NEW YORK – A judge in New York ordered the state to pay more than $447,000 in legal feels to the National Rifle Association (NRA) after the gun rights group was victorious on a major case before the U.S. Supreme Court.
In a case decided last summer, SCOTUS ruled that a New York public carry licensing law was unconstitutional, while affirming the ability to carry a pistol in public was a constitutional right guaranteed by the Second Amendment, Fox News reported.
The NRA was a party in that case — New York State Rifle & Pistol Association v. Bruen — and last week a New York judge ordered the state to reimburse the organization $447,700.82 in legal fees.
“The NRA regards the $447K award in the NYSRPA V. Bruen case as a pivotal victory, a symbol that justice is definitively on our side,” Michael Jean, NRA’s director of the Office of Litigation Counsel, told Fox News Digital in a statement.
“This triumph in Bruen has fortified the Second Amendment in an unprecedented manner, and we continue our unrelenting fight to uphold our rights and challenge those who endeavor to infringe upon them,” he noted.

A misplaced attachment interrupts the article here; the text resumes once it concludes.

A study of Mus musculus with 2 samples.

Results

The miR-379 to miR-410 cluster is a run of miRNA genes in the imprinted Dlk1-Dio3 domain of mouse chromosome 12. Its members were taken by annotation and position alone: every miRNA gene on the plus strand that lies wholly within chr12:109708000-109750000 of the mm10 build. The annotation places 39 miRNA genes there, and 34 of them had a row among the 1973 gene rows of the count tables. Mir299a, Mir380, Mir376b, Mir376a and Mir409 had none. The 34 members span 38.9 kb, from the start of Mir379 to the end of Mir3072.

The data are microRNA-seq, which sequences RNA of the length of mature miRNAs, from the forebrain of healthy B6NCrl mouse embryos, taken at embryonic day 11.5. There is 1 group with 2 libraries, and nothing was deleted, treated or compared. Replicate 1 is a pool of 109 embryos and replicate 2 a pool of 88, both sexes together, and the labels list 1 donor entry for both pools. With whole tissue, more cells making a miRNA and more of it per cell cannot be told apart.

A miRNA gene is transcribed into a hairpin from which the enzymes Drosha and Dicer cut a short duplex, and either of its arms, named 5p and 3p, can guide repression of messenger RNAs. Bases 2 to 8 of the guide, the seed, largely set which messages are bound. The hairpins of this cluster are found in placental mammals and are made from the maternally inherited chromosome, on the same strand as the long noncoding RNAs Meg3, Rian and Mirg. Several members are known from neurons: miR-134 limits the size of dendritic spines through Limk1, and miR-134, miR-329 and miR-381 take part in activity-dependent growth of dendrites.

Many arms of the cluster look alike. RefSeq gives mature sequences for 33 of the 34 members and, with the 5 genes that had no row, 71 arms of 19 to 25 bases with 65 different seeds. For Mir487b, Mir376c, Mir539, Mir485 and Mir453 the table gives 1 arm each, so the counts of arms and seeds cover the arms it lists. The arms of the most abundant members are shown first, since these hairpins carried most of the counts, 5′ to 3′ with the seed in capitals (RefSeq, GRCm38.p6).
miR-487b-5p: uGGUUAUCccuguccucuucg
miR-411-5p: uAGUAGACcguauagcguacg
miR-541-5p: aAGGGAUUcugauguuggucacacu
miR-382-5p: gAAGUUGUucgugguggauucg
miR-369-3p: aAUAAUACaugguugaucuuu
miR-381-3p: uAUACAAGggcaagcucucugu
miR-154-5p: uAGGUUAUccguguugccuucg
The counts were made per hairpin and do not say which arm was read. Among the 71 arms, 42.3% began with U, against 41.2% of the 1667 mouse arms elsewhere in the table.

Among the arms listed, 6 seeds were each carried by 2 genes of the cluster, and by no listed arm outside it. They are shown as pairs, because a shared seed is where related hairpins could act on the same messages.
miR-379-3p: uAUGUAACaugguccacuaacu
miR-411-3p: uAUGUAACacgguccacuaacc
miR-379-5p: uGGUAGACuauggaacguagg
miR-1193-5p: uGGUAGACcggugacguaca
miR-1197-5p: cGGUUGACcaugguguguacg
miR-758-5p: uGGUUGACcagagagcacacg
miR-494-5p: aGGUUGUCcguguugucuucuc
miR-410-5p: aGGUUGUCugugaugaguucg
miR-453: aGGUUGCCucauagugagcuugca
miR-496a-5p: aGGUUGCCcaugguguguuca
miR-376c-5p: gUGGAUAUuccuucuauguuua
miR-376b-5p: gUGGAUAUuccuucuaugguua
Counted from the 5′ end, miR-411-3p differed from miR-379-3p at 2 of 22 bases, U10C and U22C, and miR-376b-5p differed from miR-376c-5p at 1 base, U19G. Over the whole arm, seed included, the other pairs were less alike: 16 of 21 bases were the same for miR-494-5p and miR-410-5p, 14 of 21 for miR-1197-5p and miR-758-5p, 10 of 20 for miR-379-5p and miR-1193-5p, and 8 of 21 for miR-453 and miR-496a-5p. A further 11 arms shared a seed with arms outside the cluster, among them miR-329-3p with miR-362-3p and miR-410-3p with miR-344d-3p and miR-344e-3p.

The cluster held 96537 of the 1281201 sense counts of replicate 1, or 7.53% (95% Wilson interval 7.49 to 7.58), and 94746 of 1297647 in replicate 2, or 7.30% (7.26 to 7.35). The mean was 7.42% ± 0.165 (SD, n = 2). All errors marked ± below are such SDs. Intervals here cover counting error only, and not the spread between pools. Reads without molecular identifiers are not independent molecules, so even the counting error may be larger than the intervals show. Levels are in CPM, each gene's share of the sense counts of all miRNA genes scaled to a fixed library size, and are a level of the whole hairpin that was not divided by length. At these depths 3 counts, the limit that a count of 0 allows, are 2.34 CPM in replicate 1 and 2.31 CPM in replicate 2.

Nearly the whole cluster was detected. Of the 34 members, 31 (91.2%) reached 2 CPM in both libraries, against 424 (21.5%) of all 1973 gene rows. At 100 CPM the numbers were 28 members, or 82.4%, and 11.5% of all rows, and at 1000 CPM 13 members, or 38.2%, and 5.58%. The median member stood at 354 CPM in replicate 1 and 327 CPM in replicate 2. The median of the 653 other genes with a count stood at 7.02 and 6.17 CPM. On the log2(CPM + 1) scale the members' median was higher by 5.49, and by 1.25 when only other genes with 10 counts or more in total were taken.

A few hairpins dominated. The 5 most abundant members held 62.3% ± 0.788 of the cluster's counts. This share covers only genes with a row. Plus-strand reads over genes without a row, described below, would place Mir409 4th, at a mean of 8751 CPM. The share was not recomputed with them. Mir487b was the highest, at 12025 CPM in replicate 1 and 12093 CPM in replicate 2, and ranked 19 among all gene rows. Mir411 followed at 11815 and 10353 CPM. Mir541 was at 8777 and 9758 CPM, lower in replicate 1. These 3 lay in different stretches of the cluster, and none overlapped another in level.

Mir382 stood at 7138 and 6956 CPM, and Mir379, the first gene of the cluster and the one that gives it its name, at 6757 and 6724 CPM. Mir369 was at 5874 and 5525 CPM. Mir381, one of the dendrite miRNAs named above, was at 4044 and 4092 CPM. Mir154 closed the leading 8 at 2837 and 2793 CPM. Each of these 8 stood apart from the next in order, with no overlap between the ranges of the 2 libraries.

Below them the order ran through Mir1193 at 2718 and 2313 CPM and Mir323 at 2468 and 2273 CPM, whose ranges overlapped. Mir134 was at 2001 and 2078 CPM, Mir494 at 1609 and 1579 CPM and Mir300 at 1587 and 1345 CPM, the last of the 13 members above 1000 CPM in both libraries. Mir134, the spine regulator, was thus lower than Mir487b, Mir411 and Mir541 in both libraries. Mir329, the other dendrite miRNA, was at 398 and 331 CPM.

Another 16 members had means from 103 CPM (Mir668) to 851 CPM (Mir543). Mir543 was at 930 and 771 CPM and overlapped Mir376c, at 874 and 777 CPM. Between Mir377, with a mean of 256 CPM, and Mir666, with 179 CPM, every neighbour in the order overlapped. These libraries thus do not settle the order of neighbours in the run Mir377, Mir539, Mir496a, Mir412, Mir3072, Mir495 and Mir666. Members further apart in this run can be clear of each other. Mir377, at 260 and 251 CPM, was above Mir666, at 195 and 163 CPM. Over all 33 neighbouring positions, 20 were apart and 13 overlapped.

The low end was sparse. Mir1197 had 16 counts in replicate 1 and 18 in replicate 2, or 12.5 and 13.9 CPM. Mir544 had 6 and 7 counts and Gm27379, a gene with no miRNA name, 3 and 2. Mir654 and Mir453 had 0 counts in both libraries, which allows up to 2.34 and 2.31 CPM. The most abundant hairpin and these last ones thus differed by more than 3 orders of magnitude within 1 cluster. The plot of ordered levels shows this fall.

However, the payout “only scratches the surface” and covers “merely a third” of the group’s legal expenses, Jean added.
Justice Clarence Thomas wrote in the SCOTUS majority opinion, “In this case, petitioners and respondents agree that ordinary, law-abiding citizens have a similar right to carry handguns publicly for their self-defense.”
“We too agree, and now hold, consistent with Heller and McDonald, that the Second and Fourteenth Amendments protect an individual’s right to carry a handgun for self-defense outside the home,” Thomas wrote referencing two previous gun cases.
“Because the State of New York issues public-carry licenses only when an applicant demonstrates a special need for self-defense, we conclude that the State’s licensing regime violates the Constitution,” he surmised.